Follow us
  >  blog   >  A.R.S. 13-2915: Preventing Use of a Telephone in an Emergency

A.R.S. 13-2915: Preventing Use of a Telephone in an Emergency

Did you know that you could be arrested simply for not allowing someone to use your phone in an emergency? 

Arizona Revised Statutes (A.R.S.) 13-2915 clearly states that this act is unlawful, and those convicted can face legal repercussions. But while it might sound straightforward, the application of A.R.S. 13-2915 isn’t always cut and dried. The law targets situations where denying phone access can cause harm, but not every case is simple, especially when linked to domestic violence scenarios.

What is A.R.S. 13-2915?

A.R.S. 13-2915, commonly referred to as “Preventing Use of a Telephone in an Emergency,” is a law designed to penalize individuals who knowingly refuse another person the ability to use a phone during an emergency. The intent behind the statute is to ensure that during emergencies, potential victims or witnesses can call for help, be it reaching out to law enforcement, medical services, or other emergency assistance. 

What Does It Mean to ‘Prevent Use of a Telephone in an Emergency’?

The term “emergency” in this context refers to any situation where immediate assistance is needed to prevent bodily harm, property damage, or situations that could escalate if timely intervention is unavailable. This could include situations involving domestic violence, accidents within the home, or immediate health crises.

Violating this statute typically involves actions like physically taking a phone away from someone trying to make an emergency call, disconnecting the landline before a call can be made, or even threatening someone in such a way that they are afraid to make a call. The law recognizes the gravity of communication during crises and seeks to ensure that no barrier is placed between a person in danger and the help they need.

This statute becomes particularly relevant in domestic violence cases, where one party might prevent another from calling for help. However, the specifics of the law require careful examination, as not every situation may directly constitute an offense under A.R.S. 13-2915.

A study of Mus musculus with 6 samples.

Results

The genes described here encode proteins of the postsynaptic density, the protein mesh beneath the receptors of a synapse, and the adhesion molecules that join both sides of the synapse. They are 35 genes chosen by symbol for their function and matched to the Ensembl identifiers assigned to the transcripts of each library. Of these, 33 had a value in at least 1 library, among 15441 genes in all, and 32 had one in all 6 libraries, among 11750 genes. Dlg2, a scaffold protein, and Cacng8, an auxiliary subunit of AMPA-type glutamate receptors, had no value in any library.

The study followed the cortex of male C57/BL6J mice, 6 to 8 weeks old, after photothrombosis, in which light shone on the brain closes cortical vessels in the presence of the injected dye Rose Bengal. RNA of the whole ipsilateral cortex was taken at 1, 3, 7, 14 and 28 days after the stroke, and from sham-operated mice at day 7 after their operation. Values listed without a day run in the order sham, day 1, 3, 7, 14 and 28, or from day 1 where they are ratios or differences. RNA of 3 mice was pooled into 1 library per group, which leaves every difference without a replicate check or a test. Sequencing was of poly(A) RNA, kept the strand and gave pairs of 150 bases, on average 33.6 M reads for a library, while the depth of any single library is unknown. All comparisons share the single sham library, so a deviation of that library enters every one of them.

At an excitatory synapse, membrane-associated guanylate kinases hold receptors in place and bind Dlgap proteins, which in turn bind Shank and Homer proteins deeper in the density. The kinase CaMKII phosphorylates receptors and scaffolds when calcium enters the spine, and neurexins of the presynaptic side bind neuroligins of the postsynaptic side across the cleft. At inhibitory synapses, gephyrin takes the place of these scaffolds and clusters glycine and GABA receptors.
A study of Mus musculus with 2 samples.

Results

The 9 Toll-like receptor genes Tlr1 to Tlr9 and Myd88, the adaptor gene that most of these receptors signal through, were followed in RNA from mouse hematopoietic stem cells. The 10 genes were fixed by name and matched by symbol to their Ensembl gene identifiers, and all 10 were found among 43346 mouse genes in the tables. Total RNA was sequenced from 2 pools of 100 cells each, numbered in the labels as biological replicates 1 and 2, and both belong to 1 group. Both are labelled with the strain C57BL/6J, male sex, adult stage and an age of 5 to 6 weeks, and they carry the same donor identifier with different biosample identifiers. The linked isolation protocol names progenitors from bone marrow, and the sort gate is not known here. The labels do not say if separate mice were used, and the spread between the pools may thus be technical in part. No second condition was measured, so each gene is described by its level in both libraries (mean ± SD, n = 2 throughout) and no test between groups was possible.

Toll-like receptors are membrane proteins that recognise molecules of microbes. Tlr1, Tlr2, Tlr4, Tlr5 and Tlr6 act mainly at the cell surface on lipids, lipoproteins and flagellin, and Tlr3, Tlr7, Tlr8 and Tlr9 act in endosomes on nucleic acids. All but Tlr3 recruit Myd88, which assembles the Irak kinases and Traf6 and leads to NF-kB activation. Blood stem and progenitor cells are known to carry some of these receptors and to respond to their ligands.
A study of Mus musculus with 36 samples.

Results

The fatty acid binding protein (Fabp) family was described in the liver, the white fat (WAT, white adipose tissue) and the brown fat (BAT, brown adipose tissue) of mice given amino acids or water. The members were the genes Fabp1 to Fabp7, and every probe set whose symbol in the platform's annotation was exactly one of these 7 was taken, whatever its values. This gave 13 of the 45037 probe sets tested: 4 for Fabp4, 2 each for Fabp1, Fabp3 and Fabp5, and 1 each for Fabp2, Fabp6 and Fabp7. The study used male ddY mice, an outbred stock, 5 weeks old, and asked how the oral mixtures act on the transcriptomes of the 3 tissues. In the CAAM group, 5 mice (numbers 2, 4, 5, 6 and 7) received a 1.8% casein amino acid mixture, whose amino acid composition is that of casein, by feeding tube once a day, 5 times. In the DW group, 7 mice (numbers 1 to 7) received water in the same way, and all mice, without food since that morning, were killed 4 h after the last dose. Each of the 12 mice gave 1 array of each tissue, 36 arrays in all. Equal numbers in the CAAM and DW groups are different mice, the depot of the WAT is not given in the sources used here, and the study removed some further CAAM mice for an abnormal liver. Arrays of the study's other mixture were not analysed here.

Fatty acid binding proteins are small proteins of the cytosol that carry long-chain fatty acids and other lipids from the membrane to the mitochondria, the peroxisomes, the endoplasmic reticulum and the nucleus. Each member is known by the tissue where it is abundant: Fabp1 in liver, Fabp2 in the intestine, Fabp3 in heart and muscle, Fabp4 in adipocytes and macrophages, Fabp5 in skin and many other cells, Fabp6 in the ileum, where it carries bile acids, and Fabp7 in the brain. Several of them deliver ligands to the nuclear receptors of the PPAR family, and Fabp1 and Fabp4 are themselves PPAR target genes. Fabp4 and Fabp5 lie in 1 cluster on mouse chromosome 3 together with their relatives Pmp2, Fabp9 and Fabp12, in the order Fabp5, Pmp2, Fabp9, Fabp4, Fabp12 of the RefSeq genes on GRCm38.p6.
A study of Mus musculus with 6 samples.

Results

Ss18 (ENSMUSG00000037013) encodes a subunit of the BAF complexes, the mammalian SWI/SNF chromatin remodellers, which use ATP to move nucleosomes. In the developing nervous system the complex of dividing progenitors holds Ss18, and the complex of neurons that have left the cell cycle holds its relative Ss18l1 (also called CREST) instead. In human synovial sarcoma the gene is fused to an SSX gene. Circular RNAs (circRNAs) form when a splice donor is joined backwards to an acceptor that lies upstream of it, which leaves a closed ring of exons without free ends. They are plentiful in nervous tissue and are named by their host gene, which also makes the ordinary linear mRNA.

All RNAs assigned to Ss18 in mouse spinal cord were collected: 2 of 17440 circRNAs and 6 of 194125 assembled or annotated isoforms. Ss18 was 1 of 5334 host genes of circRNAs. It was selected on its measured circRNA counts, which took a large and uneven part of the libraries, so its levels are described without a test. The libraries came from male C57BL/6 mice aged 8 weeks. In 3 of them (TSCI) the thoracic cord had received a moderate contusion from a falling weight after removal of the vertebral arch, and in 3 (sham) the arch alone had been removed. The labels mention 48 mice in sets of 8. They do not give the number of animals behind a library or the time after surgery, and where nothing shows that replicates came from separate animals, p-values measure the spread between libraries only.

Possible Defenses for Preventing the Use of a Telephone in an Emergency

When charged under A.R.S. 13-2915, several defenses might be applicable, depending on the circumstances surrounding the case:

  • Lack of Knowledge: The defendant may not have been aware that an emergency was taking place, and thus did not intentionally prevent phone use.
  • Misunderstanding: There might be a misunderstanding where the accused believed the situation was not an emergency.
  • Accidental Incidents: The phone might have been accidentally disabled or broken, preventing its use during an emergency.
  • No Intent: There was no deliberate intent to prevent the use of the telephone.

It’s crucial to consider the totality of circumstances, as the context in which the incident occurred can significantly affect the applicability of these defenses.

Possible Punishment for Preventing the Use of a Telephone in an Emergency

If someone is found guilty of intentionally preventing another person from using a telephone during an emergency or in a domestic violence situation, they may be convicted of a Class 2 misdemeanor. This type of misdemeanor can result in up to 120 days in jail and a fine of $1,500. Moreover, if the offense includes a “DV” or Domestic Violence tag, it can lead to further serious consequences. This designation can restrict the individual’s right to own firearms and affect other aspects of their life, such as security clearances, fingerprint clearance cards, and future job prospects.

Why You Need Legal Representation

Facing charges under A.R.S. 13-2915? 

It’s essential to have knowledgeable and experienced legal counsel. At Litwak Law Group, we understand the nuances of this particular statute and how to strategize and use the defenses available effectively. We believe everyone deserves a fair trial and the best possible outcome, especially when the laws are complex and the stakes are high.

If you or a loved one has been accused under A.R.S. 13-2915, contact Litwak Law Group today. Let our expertise guide you through this challenging time and towards a resolution that respects your rights and freedom. Call us now for a consultation and ensure your side of the story is heard.